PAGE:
Poster Session

Start Date

20-5-2016 12:30 PM

Document Type

Poster Abstract

Description

Background: Despite the length of time HIV has been wreaking havoc on its victims, improvements in the prevention and treatment of HIV are needed. Anti-retroviral therapy can be effective but is expensive and not entirely accessible for people infected in third world countries. Several promising broadly neutralizing antibodies have been isolated from infected individuals; we propose that generating antigen specific human monoclonal antibodies using humanized mice further represents a promising approach to engineer prophylactic antibodies to reduce spread and infection of HIV.

Methods: Immunodeficient mice were engrafted with fetal liver and thymus (BLT) prior to infection with different HIV isolates. HIV infection of the mice was monitored by viral load and antibody response followed by ELISA using gp120, gp41 or gp120/CD4 complex as antigens. Approximately 8-12 weeks post infection, spleens were harvested and splenocytes fused with human fusion partner HMMA 2.5 to isolate antibody-expressing hybridomas. Lead clones were scaled and purified for testing in functional assays such as TZM-bl neutralization assays as well as ADCVI to determine neutralizing and cytotoxic ability of the antibodies. Antibody sequences were also determined for analysis.

Results: A robust, specific antibody response, of both IgG and IgA isotypes, was generated in response to HIV infection. Over 60 hybridomas were created that were not only immunoreactive with env antigens, but also had neutralization activity. Moreover, variable family usage was not limited and somatic mutation was clearly evident.

Conclusions: These findings suggest that humanized BLT mice are a novel source for well-characterized, stable human monoclonal antibodies to HIV.

Keywords

hiv-1, antibodies, monoclonal

Creative Commons License

Creative Commons Attribution-Noncommercial-Share Alike 3.0 License
This work is licensed under a Creative Commons Attribution-Noncommercial-Share Alike 3.0 License.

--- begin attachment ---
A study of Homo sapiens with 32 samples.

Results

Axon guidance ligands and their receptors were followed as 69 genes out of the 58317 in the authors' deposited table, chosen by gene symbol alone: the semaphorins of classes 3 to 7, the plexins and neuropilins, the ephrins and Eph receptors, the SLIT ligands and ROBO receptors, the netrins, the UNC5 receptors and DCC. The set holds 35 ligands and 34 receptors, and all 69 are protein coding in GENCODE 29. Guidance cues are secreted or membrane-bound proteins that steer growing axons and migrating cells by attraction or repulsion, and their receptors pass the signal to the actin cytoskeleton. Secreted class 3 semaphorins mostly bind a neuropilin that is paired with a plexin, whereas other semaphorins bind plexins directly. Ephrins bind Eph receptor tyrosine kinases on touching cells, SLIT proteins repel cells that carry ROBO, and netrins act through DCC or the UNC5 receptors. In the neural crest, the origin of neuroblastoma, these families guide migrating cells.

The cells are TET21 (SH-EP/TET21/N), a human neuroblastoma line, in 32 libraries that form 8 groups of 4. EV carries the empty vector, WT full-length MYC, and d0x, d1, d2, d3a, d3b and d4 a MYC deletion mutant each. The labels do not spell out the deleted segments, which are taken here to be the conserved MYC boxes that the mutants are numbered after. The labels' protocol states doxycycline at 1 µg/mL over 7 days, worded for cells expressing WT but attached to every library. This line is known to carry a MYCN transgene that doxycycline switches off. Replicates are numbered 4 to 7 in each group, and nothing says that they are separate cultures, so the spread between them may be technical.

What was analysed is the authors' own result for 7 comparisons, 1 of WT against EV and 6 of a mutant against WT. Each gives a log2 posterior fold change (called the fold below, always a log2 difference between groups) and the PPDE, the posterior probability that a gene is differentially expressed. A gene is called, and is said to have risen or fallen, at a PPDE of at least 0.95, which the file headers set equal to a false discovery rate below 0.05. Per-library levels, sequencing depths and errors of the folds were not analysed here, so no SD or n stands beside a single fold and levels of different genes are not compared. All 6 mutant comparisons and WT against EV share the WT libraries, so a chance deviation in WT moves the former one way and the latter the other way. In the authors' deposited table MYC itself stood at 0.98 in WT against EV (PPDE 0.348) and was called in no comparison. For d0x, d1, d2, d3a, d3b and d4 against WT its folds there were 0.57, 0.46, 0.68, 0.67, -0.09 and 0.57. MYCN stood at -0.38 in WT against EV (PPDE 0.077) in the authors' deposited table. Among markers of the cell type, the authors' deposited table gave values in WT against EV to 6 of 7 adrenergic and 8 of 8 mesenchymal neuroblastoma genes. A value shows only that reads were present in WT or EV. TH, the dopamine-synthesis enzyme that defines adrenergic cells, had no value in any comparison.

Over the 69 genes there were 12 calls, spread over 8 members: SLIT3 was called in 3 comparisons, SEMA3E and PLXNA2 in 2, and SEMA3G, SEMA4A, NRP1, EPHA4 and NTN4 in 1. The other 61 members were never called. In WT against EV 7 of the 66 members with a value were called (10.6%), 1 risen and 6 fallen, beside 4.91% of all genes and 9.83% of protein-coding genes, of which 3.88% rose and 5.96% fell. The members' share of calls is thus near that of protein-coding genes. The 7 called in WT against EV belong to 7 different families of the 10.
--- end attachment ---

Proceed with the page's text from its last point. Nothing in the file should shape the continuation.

May 20th, 12:30 PM

Humanized Mice for the Generation of HIV-1 Human Monoclonal Antibodies

Background: Despite the length of time HIV has been wreaking havoc on its victims, improvements in the prevention and treatment of HIV are needed. Anti-retroviral therapy can be effective but is expensive and not entirely accessible for people infected in third world countries. Several promising broadly neutralizing antibodies have been isolated from infected individuals; we propose that generating antigen specific human monoclonal antibodies using humanized mice further represents a promising approach to engineer prophylactic antibodies to reduce spread and infection of HIV.

Methods: Immunodeficient mice were engrafted with fetal liver and thymus (BLT) prior to infection with different HIV isolates. HIV infection of the mice was monitored by viral load and antibody response followed by ELISA using gp120, gp41 or gp120/CD4 complex as antigens. Approximately 8-12 weeks post infection, spleens were harvested and splenocytes fused with human fusion partner HMMA 2.5 to isolate antibody-expressing hybridomas. Lead clones were scaled and purified for testing in functional assays such as TZM-bl neutralization assays as well as ADCVI to determine neutralizing and cytotoxic ability of the antibodies. Antibody sequences were also determined for analysis.

Results: A robust, specific antibody response, of both IgG and IgA isotypes, was generated in response to HIV infection. Over 60 hybridomas were created that were not only immunoreactive with env antigens, but also had neutralization activity. Moreover, variable family usage was not limited and somatic mutation was clearly evident.

Conclusions: These findings suggest that humanized BLT mice are a novel source for well-characterized, stable human monoclonal antibodies to HIV.